Long conversation with the daughter in the UK this morning via ‘chat’. A week or so ago she’d gone to her GP about a problem with one of the kids and after chatting to her had referred *her* to a psychiatrist. Ok I know it sounds ‘bad’ but there were real reasons for her to see the GP and real reasons why he felt it might help her to talk to a psych… neither of which I’m going into right now.
What is important is the result of this preliminary consultation. From his time with her, the psych determined she might well have both Asperger’s Syndrome and Attention Deficit Hyperactivity Disorder (the underlying links take you to useful information about each condition).
Moving on… the psych said she was so obviously a ‘classic case’ that it was amazing nobody had picked it up before. Well I must admit we’ve all had suspicions she might have had this since in retrospect her behaviour as a child was a little ‘off the wall’ as a norm! At the very least it explains all sorts of strange behaviours, mannerisms and attitudes that we’ve noticed through the years.
Of course, whilst I’m sitting here typing I have to remind all and sundry that it’s almost certain this has come from my side of the family since my own personality development was blighted by much the same issues… and still *is* affected badly by it. Much as her mothers side of the family displayed strange behaviour through the years, it was very much ‘normal’ weirdness and I wouldn’t say they were certifiable… much as I’d have liked to see some of them locked up! 🙂
So. Question is once you realise you have this… what do you do about it? Basically it seems… almost nothing *can* be done. Each is a form of ‘high level’ autism and each is interlinked with the other. Right now there is little that is effective other than drug therapies to try to control the more florid aspects of the condition and in an adult the drugs have far less effect than in the young whose behaviour is less constrained by experience.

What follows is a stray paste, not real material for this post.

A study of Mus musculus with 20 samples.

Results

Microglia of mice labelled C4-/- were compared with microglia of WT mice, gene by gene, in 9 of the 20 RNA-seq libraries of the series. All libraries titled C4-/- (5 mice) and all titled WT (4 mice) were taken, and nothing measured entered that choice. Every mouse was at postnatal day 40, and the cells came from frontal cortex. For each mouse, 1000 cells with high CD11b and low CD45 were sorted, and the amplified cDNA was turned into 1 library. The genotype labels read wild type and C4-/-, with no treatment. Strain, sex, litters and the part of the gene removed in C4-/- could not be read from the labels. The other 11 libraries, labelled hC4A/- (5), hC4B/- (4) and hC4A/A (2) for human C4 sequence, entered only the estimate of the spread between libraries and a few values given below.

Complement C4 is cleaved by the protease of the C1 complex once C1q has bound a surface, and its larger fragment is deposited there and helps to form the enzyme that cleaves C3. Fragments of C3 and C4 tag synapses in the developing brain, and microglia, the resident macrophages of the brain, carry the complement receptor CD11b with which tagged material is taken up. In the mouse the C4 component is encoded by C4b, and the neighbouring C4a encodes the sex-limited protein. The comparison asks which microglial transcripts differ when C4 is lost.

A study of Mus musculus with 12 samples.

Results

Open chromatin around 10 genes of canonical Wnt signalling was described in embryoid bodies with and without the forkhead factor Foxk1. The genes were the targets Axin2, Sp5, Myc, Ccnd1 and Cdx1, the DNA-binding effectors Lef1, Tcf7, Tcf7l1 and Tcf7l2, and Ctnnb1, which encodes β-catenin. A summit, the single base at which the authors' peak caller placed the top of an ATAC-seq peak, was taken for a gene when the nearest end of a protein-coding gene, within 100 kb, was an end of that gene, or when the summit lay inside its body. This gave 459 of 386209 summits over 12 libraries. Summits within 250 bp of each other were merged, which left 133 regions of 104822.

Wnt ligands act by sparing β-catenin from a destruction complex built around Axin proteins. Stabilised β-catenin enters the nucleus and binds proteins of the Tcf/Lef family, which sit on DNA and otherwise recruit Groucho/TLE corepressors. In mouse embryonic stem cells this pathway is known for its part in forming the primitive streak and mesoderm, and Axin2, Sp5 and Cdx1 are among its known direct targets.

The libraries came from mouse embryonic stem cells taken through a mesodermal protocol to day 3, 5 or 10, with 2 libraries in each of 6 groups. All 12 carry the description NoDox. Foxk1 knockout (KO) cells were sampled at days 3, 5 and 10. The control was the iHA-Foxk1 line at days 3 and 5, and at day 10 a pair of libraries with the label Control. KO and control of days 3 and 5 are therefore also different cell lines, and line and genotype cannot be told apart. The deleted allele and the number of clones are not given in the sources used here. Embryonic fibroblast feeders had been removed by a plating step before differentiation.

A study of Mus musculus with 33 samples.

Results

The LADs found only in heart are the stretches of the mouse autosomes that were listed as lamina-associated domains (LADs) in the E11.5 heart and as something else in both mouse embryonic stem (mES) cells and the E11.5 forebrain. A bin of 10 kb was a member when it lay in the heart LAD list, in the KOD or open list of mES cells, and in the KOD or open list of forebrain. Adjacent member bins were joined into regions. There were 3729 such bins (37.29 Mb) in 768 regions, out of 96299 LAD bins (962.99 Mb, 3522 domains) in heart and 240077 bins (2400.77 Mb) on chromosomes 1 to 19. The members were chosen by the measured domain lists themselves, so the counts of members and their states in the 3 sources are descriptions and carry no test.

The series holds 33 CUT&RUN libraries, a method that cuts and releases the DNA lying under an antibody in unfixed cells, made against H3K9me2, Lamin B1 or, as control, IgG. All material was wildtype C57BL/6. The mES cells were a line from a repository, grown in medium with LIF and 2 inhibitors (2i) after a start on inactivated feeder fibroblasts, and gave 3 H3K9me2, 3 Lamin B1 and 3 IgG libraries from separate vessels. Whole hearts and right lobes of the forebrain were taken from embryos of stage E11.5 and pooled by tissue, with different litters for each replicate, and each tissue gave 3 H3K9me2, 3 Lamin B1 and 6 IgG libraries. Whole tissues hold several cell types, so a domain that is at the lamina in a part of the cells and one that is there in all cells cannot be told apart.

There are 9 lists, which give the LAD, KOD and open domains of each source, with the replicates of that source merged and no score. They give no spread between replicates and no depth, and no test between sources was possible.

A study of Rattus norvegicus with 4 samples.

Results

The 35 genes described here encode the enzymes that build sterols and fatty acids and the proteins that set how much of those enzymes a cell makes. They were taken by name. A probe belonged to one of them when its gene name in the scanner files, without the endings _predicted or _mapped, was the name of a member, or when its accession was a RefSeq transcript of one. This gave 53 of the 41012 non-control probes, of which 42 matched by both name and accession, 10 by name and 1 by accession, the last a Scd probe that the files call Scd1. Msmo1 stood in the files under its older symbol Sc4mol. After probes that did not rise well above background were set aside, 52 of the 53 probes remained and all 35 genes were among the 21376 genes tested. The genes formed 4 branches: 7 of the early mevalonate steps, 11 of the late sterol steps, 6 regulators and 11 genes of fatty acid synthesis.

All that can be done in reality is to try to manage it on a day to day basis. For that the ‘sufferers need support and training to overcome the more socially debilitating aspects. Even at the daughters age there is still a good chance she can be helped. For myself… nope. I’m too old and set in my ways to go down that road. My only concession to it is to take Modafinil which I *still* maintain has done great things to wake me up a little. Nevertheless *I’m* looking forward to hearing what treatments he suggests and (if possible) applying them to my own life… who knows it might help!! 😀
Either way, at the very least you’d hope she can pick up tips to help her kids overcome the psychological barriers we’ve both come up against.
Of course inheritance is a big thing. Where most people have these little knick-knacks passed down as family heirlooms… we have our own little genetic peculiarities to hand over. I’ve handed it on to my two daughters… tho, luckily for him, not my son (as far as I know…!!) and my daughter has handed it on to *her* kids.
I know I can’t get rid of it, it’s a lifelong thing and it’s hard for other people to understand exactly what this is and how horrible it is to live with. In fact even now after being married 30 years, the wife *still* keeps telling me I’m just a hypochondriac despite my (constantly) displaying a large numbers of the specific markers!! Maybe we’re just abnormally annoying? 😀
Anyway, for me, since I can’t get rid of it, or do anything about it, the only real question I have is that since both my parents seem to have been excruciatingly normal (according to the markers indicated in the links above), where did *I* get it??